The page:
While Bullets Fly: The Story of a Canadian Field Surgical Unit in the Second World War
A soldier is badly wounded in a mobile, fast-moving theatre of war. Without rapid surgery, he will die. There are no helicopters to move him out to a hospital.
This was the problem faced by the military medical authorities in the Second World War. Their solution: take the medical services to the wounded! They set up mobile ambulance units, field dressing stations and blood transfusion units, all based on trucks so that they could move swiftly to keep up with the troops.
They also set up field surgical units, which were mobile operating rooms based on three trucks and managed by the surgeons themselves. They operated in everything from tents to wine cellars, abandoned schoolhouses and hospitals to monasteries and cathedrals. Working often in conditions that would be condemned in modern hospitals, they did whatever it took to save lives.
This is the story of one such unit, the 2nd Canadian Field Surgical Unit under the command of the young surgeon Rocke Robertson: from its set-up and training in England to the historic Allied landings in Sicily; through the killing grounds of central Sicily and southern Italy to the horrific Battle of Ortona on Italy's Adriatic coast. Operating in stifling heat and raw cold, fighting off dust, flies, exhaustion and malaria, they dealt with wounds and patient loads that stretched their imagination, ingenuity and strength to the breaking point.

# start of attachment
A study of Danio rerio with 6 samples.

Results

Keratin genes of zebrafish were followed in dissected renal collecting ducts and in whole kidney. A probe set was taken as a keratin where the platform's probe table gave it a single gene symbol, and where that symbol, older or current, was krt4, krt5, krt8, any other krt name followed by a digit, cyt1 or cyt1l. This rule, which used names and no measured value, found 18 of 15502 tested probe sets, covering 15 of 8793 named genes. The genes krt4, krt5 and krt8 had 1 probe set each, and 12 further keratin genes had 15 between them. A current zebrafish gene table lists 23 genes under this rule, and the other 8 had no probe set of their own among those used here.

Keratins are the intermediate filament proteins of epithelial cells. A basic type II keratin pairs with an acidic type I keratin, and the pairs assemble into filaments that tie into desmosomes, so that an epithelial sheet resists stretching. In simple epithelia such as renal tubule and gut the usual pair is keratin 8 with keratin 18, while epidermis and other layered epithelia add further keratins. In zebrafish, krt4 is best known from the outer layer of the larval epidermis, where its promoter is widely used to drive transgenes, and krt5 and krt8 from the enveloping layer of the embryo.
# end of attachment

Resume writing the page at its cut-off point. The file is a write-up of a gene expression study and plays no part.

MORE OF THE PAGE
These units were the precursors of the Mobile Army Surgical Hospitals (MASH) in the Korean War, where the wounded soldiers were transferred swiftly and smoothly by helicopter to a medical facility set up behind the lines.
Written by Rocke Robertson's son, this is a vivid and intimate account of a field surgical unit in action - saving lives while bullets fly.